WeatherStorm Tracker Blog


Not All Blizzards are “Bombs”

Posted at 5:57 PM, Apr 11, 2019
and last updated 2019-04-11 17:57:11-04

A mighty late-season system continues to barrel through the Plains and Upper Midwest. This was a real-deal blizzard. Fierce winds and heavy snow impacted areas from Denver to Minneapolis. Some parts of South Dakota have picked over two feet of snow. There was also the potential for strong and severe storms yesterday on the “warm” side of the storm. There was even a severe thunderstorm warning issued within a blizzard warning in southwestern Minnesota. Gotta love it!

There was a chance that this storm was going to “bomb out.” You might remember hearing the term “bombogenesis” or “bomb cyclone” last month. A storm along a similar track “bombed” and dumped snow on Denver. Bombogensis is a process that occurs when a low rapidly intensifies over a short period of time. The official definition is a pressure fall of 24 millibars over 24 hours. This storm didn’t quite reach that criteria.

We’ve all heard of yellow snow, but what about dirty snow? A meteorologist shared a photo of the dirty snow in Minnesota. This isn’t your ordinary snirt. A jet stream near the storm’s cold front was been strong enough to carry dust and dirt from Texas to Minnesota. Just another example of how meteorologically mesmerizing this storm is.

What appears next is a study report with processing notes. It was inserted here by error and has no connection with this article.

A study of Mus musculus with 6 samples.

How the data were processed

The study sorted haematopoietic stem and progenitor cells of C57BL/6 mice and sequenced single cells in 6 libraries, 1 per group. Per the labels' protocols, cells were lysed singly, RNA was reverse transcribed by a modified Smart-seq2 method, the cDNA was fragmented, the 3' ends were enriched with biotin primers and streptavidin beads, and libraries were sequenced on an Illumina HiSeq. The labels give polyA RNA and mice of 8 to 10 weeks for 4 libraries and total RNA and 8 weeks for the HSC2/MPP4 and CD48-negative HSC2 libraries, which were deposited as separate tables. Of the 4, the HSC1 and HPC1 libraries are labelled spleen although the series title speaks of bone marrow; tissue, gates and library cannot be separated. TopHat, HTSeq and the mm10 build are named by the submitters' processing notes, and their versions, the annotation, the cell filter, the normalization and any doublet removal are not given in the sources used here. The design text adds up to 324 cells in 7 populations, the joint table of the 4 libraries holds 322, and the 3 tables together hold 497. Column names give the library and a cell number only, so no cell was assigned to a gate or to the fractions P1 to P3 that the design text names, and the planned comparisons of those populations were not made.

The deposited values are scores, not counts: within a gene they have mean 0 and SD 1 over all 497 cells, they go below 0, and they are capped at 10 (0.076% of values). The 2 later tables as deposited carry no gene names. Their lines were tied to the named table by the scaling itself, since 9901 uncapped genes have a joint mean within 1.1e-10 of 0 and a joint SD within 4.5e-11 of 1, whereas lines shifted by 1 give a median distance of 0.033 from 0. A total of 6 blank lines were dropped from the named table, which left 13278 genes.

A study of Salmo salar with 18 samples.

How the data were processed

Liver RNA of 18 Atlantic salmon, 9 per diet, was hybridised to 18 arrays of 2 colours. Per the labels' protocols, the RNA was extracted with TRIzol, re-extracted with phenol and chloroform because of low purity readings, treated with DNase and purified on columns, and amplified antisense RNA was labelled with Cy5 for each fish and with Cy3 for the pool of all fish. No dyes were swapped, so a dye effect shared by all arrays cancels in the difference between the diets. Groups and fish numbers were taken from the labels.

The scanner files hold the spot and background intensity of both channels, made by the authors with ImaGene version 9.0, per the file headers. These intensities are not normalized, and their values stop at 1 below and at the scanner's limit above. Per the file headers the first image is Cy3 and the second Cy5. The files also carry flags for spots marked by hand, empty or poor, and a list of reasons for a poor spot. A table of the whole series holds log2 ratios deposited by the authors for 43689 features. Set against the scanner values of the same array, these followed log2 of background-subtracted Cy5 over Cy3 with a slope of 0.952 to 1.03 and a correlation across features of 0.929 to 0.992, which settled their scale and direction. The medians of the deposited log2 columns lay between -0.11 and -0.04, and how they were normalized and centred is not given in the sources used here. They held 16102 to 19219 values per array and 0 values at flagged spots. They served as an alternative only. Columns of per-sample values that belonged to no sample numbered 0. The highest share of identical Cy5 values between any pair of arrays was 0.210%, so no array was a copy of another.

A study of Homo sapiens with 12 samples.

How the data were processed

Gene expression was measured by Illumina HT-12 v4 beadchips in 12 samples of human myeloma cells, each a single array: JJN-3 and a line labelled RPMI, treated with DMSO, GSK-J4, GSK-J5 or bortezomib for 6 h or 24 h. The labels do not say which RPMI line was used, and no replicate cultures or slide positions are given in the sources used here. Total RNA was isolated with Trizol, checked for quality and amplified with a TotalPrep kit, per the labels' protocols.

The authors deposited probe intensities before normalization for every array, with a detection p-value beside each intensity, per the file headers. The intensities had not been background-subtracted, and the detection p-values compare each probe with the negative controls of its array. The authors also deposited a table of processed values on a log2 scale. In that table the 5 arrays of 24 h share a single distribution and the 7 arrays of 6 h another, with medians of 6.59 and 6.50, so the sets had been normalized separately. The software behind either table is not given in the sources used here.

We have reaped the benefit of this strong storm so far. Today was the warmest day of 2019 with temperatures in the low to mid 80s. Lexington came up two degrees shy of the record high. We will eventually start to see some precipitation by Friday morning as the cold front marches into the Commonwealth. The first half of Friday will feature the best chances for scattered showers and thundershowers. The activity will clear out in time for UK’s Blue-White Game in the evening.